Take Special Care with Food to Avoid Infections During Cancer Treatment

Take Special Care with Food to Avoid Infections During Cancer Treatment

Some cancer treatments can make you prone to infections. When this happens, you need to take special care in the way you handle and prepare food. 

Be careful to: 

  • Keep hot foods hot and cold foods cold. 
  • Put leftovers in the refrigerator as soon as you have finished eating. 
  • Scrub all raw fruits and vegetables with a brush and water before you eat them. 
  • Soak berries, as well as other foods that are not easily scrubbed, in water, and then rinse them. 
  • Scrub fruits and vegetables that have rough surfaces and peels, such as melons, oranges, and avocados, with a brush and water before you cut or peel them. 
  • Soak frozen fruits and vegetables in water and rinse them if you are not going to cook them (such as when using them for a smoothie, for instance). If cooking them, you do not need to wash frozen fruits and vegetables. 
  • Wash your hands, knives, and countertops before and after you prepare food. This step is most important when preparing raw meat, chicken, turkey, or fish. 
  • Wash your hands each time you touch raw meat, chicken, turkey, or fish. 
  • Use one cutting board for meat and another one for fruits and vegetables. 
  • Thaw meat, chicken, turkey, and fish in the refrigerator or defrost them in the microwave. 
  • Cook meat, chicken, turkey, and eggs thoroughly. Eggs should be hard, not runny. Meats should not have any pink inside. To be sure your meat, chicken, turkey, and fish are safe, use a meat thermometer and cook them to the safe temperature. To know what that temperature is, refer to a safe minimum cooking temperature chart, such as the one available at foodsafety.gov.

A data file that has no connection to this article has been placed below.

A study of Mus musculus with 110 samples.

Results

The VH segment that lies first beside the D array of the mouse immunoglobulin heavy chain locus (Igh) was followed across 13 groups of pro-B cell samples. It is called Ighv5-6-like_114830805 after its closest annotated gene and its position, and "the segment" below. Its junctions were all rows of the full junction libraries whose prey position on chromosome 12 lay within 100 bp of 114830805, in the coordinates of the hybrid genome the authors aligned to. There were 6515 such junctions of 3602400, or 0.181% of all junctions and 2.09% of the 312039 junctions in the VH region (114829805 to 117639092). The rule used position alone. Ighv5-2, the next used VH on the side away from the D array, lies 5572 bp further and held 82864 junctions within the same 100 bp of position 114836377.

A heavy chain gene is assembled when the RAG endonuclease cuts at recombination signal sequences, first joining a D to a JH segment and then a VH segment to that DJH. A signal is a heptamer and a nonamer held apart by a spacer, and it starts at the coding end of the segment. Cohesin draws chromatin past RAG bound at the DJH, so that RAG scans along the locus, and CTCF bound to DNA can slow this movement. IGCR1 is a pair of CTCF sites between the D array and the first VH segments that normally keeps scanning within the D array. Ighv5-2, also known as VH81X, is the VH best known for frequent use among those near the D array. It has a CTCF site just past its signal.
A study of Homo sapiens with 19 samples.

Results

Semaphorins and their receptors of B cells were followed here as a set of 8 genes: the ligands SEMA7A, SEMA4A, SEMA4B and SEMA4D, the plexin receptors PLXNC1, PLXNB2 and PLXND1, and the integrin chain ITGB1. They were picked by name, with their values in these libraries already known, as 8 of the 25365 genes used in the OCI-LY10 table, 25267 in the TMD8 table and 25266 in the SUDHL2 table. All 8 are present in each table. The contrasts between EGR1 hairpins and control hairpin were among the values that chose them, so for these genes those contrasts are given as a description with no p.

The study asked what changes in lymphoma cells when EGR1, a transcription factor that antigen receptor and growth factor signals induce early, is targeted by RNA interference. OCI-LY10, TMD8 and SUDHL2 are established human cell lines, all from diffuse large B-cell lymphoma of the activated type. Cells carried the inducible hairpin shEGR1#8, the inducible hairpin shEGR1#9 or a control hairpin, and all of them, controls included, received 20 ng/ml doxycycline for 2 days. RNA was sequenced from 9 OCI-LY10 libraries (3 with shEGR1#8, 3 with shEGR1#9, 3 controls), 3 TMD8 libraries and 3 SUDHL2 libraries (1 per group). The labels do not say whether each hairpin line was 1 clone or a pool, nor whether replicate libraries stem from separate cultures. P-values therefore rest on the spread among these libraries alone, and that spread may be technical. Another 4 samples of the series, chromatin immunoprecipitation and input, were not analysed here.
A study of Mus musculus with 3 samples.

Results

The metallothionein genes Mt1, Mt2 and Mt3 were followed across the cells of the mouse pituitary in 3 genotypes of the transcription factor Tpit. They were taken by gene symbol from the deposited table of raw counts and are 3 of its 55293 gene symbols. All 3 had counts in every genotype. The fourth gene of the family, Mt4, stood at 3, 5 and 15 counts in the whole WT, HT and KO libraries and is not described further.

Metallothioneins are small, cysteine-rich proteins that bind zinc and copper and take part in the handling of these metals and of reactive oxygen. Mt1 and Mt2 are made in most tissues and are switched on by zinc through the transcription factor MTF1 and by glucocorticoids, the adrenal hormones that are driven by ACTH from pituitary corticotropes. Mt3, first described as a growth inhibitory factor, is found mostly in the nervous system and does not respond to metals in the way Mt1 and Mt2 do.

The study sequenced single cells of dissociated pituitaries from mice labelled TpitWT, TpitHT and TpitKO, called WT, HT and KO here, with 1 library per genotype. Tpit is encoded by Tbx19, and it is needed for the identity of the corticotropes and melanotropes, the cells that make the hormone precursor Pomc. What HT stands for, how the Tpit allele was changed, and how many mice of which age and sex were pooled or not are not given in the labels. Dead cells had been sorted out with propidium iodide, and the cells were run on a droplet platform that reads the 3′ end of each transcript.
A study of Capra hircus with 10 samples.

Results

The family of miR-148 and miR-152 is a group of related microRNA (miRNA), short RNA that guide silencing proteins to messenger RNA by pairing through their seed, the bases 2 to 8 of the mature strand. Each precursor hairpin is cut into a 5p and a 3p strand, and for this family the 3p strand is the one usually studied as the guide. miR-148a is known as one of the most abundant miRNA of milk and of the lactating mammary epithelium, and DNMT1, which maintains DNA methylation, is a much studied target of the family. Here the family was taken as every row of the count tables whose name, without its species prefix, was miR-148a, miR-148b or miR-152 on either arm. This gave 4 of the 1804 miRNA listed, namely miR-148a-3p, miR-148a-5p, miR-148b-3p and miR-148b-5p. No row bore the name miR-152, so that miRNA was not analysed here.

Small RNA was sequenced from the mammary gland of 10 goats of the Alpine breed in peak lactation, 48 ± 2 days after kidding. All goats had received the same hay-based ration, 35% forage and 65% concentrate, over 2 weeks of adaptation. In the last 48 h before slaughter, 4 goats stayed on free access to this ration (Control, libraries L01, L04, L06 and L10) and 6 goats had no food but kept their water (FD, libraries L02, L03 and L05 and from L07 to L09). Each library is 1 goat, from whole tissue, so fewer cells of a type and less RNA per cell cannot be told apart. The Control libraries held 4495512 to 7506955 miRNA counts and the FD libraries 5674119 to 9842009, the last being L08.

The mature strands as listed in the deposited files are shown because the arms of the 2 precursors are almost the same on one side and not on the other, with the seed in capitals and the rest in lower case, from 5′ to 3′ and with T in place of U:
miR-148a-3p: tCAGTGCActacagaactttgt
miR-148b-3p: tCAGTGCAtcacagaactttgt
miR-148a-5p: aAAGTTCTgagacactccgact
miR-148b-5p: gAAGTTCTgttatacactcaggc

• Make sure your juices and milk products are pasteurized. 
  • Eat nuts that are shelled and roasted. 

Do not: 

  • Eat raw fish or shellfish, such as sushi or uncooked oysters. 
  • Eat raw nuts. 
  • Use foods, condiments, or drinks that are past their freshness date. 
  • Buy foods from bulk bins. 
  • Eat at buffets, salad bars, or self-service restaurants. 
  • Eat foods that show signs of mold, including moldy cheeses like bleu cheese and Roquefort. 
  • Eat any perishable foods that have been sitting at room temperature longer than two hours. 
  • Eat leftovers that have been in the refrigerator longer than three days. 
  • Leave meat, chicken, turkey, or fish sitting out to thaw. 

Talk with your doctor or nurse if you are not sure what to eat or how to prepare food during cancer treatment. Ask them to refer you to a dietitian. A dietitian is the best person to talk with about your diet. They can help you choose foods and drinks that are best for you during treatment and after. And give you tips on how best to prepare them. 


Source: National Cancer Institute 

This article was published in Coping® with Cancer magazine, January/February 2022.